Innovation in animal health and sustainable livestock production in Europe

07/06/2018

With the European Commission’s recently published proposal for a new common agricultural policy (CAP) deemed ‘fit for the future’, AnimalhealthEurope gathers parties with a stake in the future of livestock production in Europe to discuss the role of research and innovation in animal health, and to debate what future innovations are needed to ensure a resilient and sustainable livestock sector in Europe. 

Keynote speaker Eleanor Riley, Director of the Roslin Institute at the University of Edinburgh – renowned for its pioneering ‘Dolly the Sheep’ clone - opened on a positive note about current research innovations, covering developments in animal genome modification and gene editing for producing disease-resistant animals, and welcoming changes in terms of fewer regulatory constraints and diminishing consumer concerns about innovative techniques. With the UK’s future in an uncertain position, Professor Riley indicated that continued participation in EU research and innovation programmes is essential, and that future success is dependent on the best researchers continuing to collaborate with partners and sharing facilities across international boundaries. 

Alongside Riley, Hans Nauwynck from the EU Horizon 2020-funded research SAPHIR project and Tomás Norton from Leuven University presented innovative techniques currently being piloted with livestock in Europe. Presenting new vaccine strategies for pigs and ‘Precision Livestock Farming’ technologies respectively, they demonstrated how continuous real-time monitoring of animal health and welfare, coupled with innovative vaccine strategies for endemic diseases, leads to better health management, creating healthier herds, reducing the need to use antibiotics to treat diseases, and reducing the overall impact on the environment through more sustainable use of resources.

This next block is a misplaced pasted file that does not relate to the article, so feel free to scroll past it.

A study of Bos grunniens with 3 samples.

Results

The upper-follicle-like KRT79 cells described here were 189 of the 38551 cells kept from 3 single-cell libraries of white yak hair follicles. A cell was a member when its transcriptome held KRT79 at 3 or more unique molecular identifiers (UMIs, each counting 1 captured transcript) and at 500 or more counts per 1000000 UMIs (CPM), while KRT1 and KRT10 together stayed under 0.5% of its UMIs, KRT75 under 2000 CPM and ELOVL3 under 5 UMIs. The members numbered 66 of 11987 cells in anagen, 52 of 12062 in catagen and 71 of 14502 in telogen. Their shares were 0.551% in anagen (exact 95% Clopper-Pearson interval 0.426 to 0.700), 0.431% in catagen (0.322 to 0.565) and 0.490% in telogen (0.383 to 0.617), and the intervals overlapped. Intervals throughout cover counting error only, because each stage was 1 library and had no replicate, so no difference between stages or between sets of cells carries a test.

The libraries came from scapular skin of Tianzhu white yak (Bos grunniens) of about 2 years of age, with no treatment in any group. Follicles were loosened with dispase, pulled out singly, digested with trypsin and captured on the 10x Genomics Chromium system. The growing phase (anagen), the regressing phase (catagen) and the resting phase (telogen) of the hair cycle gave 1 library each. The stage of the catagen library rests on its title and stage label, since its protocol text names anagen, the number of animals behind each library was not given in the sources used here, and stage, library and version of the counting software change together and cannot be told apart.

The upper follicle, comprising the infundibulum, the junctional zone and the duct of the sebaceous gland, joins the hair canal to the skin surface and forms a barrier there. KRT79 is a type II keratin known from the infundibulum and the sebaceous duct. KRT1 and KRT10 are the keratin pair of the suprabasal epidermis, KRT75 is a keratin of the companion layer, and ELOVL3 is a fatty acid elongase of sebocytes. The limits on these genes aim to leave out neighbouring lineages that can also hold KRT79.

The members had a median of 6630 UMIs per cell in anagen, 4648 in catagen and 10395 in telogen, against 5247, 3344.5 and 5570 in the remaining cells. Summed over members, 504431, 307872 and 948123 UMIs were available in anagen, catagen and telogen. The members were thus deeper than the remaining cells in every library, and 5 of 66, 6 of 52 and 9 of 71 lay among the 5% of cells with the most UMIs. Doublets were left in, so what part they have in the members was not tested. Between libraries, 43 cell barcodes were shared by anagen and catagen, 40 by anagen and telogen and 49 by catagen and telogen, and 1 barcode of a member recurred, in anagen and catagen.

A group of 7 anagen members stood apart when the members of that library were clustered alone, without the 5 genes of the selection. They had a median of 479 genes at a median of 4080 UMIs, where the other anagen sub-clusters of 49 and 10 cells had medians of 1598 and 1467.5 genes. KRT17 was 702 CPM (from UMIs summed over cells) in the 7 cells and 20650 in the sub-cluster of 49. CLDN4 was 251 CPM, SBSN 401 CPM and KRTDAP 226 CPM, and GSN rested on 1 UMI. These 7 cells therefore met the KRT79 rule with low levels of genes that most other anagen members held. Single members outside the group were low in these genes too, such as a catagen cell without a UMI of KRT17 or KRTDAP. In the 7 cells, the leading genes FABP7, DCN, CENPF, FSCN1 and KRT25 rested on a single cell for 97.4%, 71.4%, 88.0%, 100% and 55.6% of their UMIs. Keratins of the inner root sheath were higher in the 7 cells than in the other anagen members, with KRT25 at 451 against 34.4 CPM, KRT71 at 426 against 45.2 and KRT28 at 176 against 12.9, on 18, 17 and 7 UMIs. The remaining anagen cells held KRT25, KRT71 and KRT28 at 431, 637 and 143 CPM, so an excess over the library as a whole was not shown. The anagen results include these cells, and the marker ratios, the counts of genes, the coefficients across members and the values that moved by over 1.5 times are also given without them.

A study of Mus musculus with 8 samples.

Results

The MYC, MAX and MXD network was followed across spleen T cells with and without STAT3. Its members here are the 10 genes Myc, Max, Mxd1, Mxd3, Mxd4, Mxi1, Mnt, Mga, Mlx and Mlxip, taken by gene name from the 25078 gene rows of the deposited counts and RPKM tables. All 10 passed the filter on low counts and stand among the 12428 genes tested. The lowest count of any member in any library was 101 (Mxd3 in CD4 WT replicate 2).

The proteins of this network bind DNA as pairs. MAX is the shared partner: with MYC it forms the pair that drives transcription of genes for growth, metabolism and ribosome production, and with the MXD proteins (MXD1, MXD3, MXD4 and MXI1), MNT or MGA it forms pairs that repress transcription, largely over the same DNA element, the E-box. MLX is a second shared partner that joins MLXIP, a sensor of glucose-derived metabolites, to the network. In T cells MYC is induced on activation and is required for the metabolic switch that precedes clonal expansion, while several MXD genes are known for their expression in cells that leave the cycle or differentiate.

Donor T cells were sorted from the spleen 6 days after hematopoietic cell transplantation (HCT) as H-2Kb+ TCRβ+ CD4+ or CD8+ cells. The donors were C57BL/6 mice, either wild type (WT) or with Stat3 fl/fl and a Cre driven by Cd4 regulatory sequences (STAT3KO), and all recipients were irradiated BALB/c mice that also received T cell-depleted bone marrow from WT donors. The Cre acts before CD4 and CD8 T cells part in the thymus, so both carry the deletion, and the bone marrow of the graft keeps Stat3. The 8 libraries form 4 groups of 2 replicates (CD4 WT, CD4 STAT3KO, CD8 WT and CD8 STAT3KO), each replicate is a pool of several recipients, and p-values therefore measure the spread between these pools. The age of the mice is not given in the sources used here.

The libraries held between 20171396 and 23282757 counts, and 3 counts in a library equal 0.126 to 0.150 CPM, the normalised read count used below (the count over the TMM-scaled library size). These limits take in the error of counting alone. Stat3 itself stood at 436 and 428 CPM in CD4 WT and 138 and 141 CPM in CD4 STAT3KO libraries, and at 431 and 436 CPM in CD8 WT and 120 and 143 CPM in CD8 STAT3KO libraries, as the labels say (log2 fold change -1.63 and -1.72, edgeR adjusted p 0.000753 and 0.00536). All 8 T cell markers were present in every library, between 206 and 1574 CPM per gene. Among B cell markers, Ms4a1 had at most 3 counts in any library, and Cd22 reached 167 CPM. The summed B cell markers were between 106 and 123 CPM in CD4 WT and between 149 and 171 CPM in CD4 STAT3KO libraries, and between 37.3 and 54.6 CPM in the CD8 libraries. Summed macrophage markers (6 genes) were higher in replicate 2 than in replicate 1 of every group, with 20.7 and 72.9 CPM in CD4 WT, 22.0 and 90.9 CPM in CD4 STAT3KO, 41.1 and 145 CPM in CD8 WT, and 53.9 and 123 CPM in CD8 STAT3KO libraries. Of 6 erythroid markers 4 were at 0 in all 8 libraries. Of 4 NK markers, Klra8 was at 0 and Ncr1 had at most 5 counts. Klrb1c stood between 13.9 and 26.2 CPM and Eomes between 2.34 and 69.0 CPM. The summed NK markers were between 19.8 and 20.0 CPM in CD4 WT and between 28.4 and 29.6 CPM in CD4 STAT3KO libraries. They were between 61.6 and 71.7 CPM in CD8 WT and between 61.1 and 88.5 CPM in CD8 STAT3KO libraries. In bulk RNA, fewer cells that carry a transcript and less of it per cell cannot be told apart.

A live interview with head of young farmers association, CEJA’s Jannes Maes and Tom Tynan Head of Agriculture Commissioner Hogan's cabinet saw EurActiv’s Sarantis Michalopoulos questioning how the new CAP proposal plans to support animal health management and sustainable production. Tynan lent his support to ongoing investment and support in animal health science and innovation, noting that it will contribute to the development of a more productive EU agriculture and food sector. 

Related sectors joined the day’s debate with interventions from panellists: Allan Buckwell from the Rural Investment Support for Europe (RISE) Foundation, Jan Venneman from European Forum of Farm Animal Breeders (EFFAB), Mateusz Rawski from HiProMine, a producer of insect-based animal feed, and Jean-Louis Peyraud from the Animal Task Force, a public-private platform promoting a sustainable livestock sector in Europe. Debating what innovations are needed in terms of animal health to support future livestock farming, and how food production will develop in the future, the consensus was that complimentary actions focusing on resource efficiency, integrated animal health management, responsible farming systems and knowledge exchange can all contribute to ensuring the implementation of new techniques, tools and practices to deliver innovation. 

Concluding the day’s discussion Roxane Feller, Secretary General of AnimalhealthEurope said, “The animal health industry in Europe is forging an innovation network to support and speed the implementation of forward-looking strategies for better animal health management. Getting the necessary actors around the table, sharing knowledge and ensuring the accessibility and affordability of innovative solutions for farmers, is what counts, if Europe is to integrate sustainable practices into its livestock farming sector. Public-private partnerships and continued funding from EU programmes like the new Horizon Europe are the way forward.”